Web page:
Out & About in Greater Tulsa By EMILY RAMSEY
FARMERS MARKET SEASON: The Tulsa Farmers’ Market opens for its season on April 1 along Cherry Street. Hours are 7 a.m.-11 every Saturday through Oct. 21.
EMILY RAMSEY for GTR Newspapers
Every so often, especially the older I get, I make a point to stop and drink in the little pleasures of daily life.
I was talking with a friend the other day about the sad truth that, regardless of what we have or where we live, we all adapt and get comfortable. And, oftentimes, stop noticing what is around us.
I remember when I first moved into downtown Tulsa how excited I was to be able to walk from my home into downtown for breakfast or to walk to Riverside Drive and take a stroll along the Arkansas River. I drank up the accessibility, the activity, the architecture and the natural beauty.
Now, almost five years later, I am fortunate if I make it to the River Parks trails twice a week. My morning walks into downtown have equally dwindled away.
So that is included in my list of pleasures in need of revisiting.
With the re-emergence of spring, another practice to be revived will be welcoming the dawn with a cup of coffee on my patio.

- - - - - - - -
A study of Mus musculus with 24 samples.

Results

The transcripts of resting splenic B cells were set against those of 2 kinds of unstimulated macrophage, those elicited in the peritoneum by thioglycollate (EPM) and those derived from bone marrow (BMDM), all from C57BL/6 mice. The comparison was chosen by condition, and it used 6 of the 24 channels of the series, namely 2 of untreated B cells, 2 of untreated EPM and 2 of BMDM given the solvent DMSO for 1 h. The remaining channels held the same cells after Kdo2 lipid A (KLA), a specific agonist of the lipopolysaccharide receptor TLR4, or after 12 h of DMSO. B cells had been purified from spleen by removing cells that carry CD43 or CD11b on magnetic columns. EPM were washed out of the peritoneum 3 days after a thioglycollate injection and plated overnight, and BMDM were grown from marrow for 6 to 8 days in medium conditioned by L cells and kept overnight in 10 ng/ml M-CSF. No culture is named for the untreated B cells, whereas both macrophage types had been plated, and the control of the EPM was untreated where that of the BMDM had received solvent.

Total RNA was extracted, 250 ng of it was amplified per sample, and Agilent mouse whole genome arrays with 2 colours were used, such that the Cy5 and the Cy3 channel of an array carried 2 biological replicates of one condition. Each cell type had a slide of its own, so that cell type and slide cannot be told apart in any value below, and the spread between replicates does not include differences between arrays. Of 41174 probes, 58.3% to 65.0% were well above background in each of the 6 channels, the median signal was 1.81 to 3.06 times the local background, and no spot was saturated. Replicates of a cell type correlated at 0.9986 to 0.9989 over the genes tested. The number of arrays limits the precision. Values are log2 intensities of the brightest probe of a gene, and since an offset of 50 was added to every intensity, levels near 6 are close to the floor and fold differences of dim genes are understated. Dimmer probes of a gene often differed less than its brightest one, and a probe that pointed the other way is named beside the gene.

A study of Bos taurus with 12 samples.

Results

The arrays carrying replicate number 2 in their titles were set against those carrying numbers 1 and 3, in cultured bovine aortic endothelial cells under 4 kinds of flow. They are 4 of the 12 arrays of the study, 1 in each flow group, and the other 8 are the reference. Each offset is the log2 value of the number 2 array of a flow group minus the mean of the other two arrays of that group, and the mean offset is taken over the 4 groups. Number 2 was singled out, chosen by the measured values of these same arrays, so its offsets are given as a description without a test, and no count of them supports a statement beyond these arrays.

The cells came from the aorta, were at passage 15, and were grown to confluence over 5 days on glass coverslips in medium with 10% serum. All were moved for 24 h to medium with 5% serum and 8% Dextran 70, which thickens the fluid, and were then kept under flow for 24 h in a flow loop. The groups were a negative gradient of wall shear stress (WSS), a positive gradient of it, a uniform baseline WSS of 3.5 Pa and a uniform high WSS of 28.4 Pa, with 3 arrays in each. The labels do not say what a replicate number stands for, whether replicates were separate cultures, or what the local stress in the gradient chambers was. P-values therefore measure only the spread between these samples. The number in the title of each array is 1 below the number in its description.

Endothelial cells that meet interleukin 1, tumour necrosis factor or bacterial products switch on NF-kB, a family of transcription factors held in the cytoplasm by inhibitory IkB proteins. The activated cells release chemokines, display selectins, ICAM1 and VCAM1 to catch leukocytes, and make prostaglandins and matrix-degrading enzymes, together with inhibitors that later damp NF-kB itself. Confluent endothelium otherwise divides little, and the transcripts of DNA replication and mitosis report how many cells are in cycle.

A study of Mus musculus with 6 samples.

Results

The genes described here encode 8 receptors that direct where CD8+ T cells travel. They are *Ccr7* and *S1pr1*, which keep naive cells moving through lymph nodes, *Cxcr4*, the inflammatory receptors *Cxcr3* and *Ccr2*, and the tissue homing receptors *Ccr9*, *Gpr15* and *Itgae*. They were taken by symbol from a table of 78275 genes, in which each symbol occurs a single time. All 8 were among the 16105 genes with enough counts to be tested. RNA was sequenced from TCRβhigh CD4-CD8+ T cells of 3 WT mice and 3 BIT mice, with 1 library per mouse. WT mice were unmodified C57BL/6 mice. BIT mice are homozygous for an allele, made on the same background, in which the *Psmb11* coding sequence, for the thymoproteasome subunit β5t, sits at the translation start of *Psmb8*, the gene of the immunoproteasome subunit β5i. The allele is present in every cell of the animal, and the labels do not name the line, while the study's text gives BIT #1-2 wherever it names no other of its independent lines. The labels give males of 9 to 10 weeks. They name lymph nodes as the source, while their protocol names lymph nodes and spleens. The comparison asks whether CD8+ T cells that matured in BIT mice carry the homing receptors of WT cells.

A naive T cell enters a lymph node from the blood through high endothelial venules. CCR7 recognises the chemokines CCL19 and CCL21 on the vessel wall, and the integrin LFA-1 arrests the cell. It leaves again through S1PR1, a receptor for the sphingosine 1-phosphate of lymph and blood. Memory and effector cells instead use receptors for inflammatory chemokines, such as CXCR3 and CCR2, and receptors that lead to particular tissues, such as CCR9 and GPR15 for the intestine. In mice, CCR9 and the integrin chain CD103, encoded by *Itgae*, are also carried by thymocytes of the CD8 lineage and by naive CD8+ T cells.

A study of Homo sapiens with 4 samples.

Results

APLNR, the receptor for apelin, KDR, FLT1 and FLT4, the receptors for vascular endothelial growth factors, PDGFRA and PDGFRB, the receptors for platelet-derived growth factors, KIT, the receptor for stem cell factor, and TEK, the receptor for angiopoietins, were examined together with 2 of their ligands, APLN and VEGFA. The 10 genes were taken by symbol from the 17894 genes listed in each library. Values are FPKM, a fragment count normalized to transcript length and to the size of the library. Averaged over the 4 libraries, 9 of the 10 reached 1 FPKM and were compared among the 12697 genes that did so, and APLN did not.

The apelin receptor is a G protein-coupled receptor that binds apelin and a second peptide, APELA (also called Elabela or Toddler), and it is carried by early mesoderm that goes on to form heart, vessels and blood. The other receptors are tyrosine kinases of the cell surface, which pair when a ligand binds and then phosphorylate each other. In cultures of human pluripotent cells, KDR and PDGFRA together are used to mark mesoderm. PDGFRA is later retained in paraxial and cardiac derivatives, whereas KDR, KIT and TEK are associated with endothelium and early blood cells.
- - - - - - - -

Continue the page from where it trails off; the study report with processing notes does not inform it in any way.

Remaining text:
I am anticipating my first walk along 15th Street on opening day of the Tulsa Farmers Market on April 1 and a bright bouquet of flowers to brighten my living room.
Some of my other favorite places around town include the glass study cubes at Central Library overlooking downtown Tulsa, the Tulsa Botanic Garden, the gardens at Philbrook Museum of Art, and an outdoor seat along Cherry Street paired with a margarita.
The other day, I watched two geese stop traffic along Memorial Drive near 71st Street. I did not hear one car horn; it was simply a moment of humane, yet not required, courtesy extended to animals. That made my day and reminded me to slow down.
Even in our harried world, there still exists time to stop for the little creatures.
My discussion with Bill Leighty, executive director of Smart Growth Tulsa, (See article at ews.com or on the front page of the Midtown Monitor.) reminded me that while there is much that we want Tulsa to become in the years ahead, it is equally important to enjoy Tulsa for what it is right now, which is pretty spectacular, especially when we consider how far we’ve come.
That same principle applies regardless of where a person lives. Because, ultimately, a place doesn’t make us; we make the place.